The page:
Now, there’s a push to change that.
“In the last three years there has been a rapid and steady decline that I hadn’t seen in over 30 years of working in downtown Seattle,” Belltown business owner Jill Donnelly said.
Donnelly has run Baby and Company in Belltown for 25 years. She said drug deals and the crime occurring right outside of her business have become an unfortunate part of everyday life in the neighborhood.
“Crack, just openly dealing of drugs,” Donnelly said. “So what the criminals have figured out is if you deal a small enough quantity it’s a misdemeanor. They’re processed through the system and out on the streets in 48 hours.”
Small time drug crimes were once the domain of King County Prosecuting Attorney’s Office. But in 2007 the office made a change due to budget issues. The cases were prosecuted differently to save on costs, Seattle City Attorney’s Criminal Division Chief Craig Sims said. Time behind bars for offenders was greatly reduced.
“Essentially what they did was, they asked for these cases to be prosecuted as gross misdemeanors,” Sims said, noting that meant the cases fell on the city.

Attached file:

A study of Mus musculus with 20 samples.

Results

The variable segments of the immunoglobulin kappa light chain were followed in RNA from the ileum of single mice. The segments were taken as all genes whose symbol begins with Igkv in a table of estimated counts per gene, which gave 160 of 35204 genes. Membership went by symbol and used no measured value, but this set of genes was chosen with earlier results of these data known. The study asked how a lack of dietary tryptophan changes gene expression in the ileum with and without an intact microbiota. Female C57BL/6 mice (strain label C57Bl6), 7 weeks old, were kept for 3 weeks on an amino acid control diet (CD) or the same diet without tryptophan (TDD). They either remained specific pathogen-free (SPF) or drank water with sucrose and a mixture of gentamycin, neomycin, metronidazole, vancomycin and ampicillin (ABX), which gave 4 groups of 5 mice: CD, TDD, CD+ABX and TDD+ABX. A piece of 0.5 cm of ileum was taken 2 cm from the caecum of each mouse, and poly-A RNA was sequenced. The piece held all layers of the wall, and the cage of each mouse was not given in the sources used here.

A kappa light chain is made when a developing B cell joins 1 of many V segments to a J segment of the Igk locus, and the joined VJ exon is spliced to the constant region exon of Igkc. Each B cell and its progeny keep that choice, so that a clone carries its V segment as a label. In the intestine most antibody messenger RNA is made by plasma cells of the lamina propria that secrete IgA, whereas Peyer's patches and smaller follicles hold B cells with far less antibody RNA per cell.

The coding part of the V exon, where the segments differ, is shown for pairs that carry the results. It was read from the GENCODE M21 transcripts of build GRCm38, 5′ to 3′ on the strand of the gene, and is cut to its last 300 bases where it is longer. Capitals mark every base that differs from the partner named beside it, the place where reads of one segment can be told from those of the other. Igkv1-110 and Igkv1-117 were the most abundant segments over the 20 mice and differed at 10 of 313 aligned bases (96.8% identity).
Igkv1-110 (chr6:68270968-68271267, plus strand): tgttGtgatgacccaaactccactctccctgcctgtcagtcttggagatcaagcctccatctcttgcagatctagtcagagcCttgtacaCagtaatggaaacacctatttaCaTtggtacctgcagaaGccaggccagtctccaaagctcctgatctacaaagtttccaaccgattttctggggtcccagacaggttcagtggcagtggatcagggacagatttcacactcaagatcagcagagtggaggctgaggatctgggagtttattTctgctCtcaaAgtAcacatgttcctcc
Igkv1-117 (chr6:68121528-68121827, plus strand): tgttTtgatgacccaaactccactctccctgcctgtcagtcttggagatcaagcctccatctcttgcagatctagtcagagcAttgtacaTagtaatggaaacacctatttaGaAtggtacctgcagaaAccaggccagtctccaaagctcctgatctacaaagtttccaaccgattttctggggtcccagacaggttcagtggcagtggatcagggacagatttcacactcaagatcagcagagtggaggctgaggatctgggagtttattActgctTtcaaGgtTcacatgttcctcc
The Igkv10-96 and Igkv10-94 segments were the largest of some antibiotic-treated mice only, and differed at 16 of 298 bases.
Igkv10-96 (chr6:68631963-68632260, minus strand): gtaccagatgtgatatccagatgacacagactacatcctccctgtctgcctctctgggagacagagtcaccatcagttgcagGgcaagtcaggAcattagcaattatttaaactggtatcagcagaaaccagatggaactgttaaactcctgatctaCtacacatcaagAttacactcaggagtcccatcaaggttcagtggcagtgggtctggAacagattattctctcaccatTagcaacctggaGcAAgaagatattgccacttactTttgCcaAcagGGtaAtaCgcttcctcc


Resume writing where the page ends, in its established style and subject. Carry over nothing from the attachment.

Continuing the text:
Last spring, the Washington state Supreme Court decided municipalities, cities and towns, didn’t have the authority to prosecute state level case such as felonies that would lead to longer jail time.The Seattle City Attorney’s Office stopped prosecuting those cases after the ruling, and few longer jail-sentence drug crimes for dealing on the streets of Seattle have been prosecuted since.
But a deal between the city attorney’s office and the county prosecutor has been brokered to turn over low-level drug cases to the county, leaving the door open for felony charges. The county could take over the city’s prosecution in a couple of months as soon as the details are worked out.
This could again mean longer jail time for drug pushers.
“We decided that we were not going to be prosecuting these cases and we’re going to send them back to the county to have them prosecute those cases which is the proper jurisdiction for the felony level cases,” Sims said.
As for Seattle Police, they plan to leave prosecution to prosecutors, while they continue to patrol the streets as best as they can.
“We want to make sure that we are in as many places as we can as frequently as we can be as visible as we can be,” said Seattle Police Department Spokesman Sgt. Sean Whitcom.
Donnelly doesn’t care how police get drug dealers off the streets, she just wants to see it happen.
“How are you going to attract families into our city when you’re dealing with this kind of problem,” Donnelly said.